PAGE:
Jan 17, 2016

Thoughts on CASIS 2016

For those who missed it, the Canadian Association for Security and Intelligence Studies (CASIS) held its annual conference on Friday at the Canadian War Museum in Ottawa.  The CASIS conference has been around for quite some time and I remember attending 2-3 day events back in the 2000s where hundreds of participants signed up.  CASIS went through a tough time a few years back but I am happy to report that it appears to have rebounded nicely and this year’s offering was solid proof of that (full disclosure: I helped organise the conference and was a panel member).  Almost two hundred were in the audience and they did not walk away disappointed.

What struck me about Friday’s event was the robust Canadian contribution.  Yes, there were a few foreign speakers, and they were tremendous additions (Sweden’s Magnus Ranstorp and the US’ Barak Mendelsohn), but the Canadian content was stellar.  Aisha Ahmad of the University of Toronto and Jean-Francois Ratelle of the University of Ottawa gave compelling presentations on field work they have been doing in conflict zones such as Somalia and the Caucasus.  They are to be commended for their initiatives as well as for their courage in going to such dangerous areas.  Laval University’s Benjamin Ducol provided an interesting overview on how terrorist use of the Internet has evolved.  And my co-panelist, Amarnath Amarasingam, has been carrying out fascinating work with Canadians in IS and is giving us an important picture of who is there and what they are up to.  As usual, some of Canada’s leading terrorism and security reporters, Stewart Bell (National Post), Colin Freeze (Globe and Mail) and Jim Bronskill (Canadian Press), were on hand to tell Canadians what came out of the conference.  All in all a chance to show the red and white.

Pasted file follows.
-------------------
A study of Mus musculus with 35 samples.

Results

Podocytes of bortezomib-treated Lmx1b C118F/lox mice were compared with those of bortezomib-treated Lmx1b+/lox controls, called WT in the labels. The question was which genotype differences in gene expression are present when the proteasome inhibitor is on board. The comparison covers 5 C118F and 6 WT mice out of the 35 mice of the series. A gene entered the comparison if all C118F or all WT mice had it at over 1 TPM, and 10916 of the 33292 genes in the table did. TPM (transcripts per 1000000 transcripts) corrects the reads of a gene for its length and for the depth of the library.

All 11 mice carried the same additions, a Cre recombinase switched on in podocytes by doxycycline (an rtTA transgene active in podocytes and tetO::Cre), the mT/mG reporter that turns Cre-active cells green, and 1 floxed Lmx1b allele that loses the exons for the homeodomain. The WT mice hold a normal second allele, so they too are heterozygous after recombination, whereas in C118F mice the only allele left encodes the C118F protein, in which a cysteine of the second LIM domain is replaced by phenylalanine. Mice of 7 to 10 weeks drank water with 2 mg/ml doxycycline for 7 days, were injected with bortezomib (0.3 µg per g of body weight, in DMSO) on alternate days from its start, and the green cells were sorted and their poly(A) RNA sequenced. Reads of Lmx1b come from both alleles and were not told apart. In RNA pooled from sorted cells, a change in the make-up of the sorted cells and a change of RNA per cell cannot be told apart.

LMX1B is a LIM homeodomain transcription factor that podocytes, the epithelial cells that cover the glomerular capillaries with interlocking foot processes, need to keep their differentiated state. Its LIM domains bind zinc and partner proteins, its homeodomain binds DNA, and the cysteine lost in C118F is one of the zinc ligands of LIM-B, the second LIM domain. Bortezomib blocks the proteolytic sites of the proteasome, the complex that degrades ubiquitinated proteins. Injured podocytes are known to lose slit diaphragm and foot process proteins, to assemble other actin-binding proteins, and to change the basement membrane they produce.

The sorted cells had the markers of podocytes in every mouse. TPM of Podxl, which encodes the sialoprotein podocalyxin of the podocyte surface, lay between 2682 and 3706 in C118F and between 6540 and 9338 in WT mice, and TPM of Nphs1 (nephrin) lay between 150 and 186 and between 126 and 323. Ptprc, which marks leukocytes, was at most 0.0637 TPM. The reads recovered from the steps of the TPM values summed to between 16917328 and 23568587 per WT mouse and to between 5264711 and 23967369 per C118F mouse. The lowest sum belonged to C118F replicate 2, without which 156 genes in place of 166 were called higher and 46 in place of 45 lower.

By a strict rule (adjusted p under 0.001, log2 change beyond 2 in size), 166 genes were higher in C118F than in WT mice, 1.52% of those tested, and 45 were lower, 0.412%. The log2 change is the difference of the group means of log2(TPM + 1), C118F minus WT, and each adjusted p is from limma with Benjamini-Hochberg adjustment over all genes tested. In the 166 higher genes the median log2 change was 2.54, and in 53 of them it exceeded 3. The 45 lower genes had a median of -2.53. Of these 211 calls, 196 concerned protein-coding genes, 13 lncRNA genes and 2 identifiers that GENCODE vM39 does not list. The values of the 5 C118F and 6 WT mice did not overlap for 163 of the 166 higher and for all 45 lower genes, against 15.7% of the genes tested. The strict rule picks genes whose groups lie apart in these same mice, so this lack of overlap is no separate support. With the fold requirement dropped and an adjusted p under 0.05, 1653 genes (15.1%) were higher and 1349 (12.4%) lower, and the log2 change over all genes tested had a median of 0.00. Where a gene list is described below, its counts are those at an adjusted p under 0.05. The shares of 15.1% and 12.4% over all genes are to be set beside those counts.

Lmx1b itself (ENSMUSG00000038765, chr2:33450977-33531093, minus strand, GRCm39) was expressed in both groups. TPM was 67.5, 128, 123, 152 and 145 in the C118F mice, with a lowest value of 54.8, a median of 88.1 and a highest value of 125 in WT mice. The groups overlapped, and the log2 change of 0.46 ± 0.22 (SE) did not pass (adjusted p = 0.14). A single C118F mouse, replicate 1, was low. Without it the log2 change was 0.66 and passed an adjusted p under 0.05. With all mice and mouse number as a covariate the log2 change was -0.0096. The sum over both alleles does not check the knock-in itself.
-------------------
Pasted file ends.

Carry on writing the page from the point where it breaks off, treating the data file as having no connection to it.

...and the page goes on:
CASIS matters for a few reasons.  First of all, it is Canadian.  We do not give ourselves enough credit sometimes for what we know and what we are capable of.  Sure, CASIS is not the largest conference on terrorism out there, but it does attract name scholars.  I am pleased to see that this year’s offering featured so many Canadian experts.   Secondly, it provides an opportunity for students to see what the experts in the field think and what questions are being asked.  I saw a great many young scholars this year and had the opportunity to speak to a few.  I am encouraged that we are creating a new generation of curious people who will do the future research we need.  Thirdly, it is one of the best at gathering government, academic and private sector representatives to discuss important national security issues.  We need this and we need to be much better at opening the dialogue beyond the hush-hush star chambers of old.

So kudos to my colleagues on the organising committee: Greg Fyffe, Wesley Wark, Thomas Juneau, Laurie Storsater and Jez Littlewood.  Congratulations gentlemen on a stellar effort.  I already cannot wait for next year!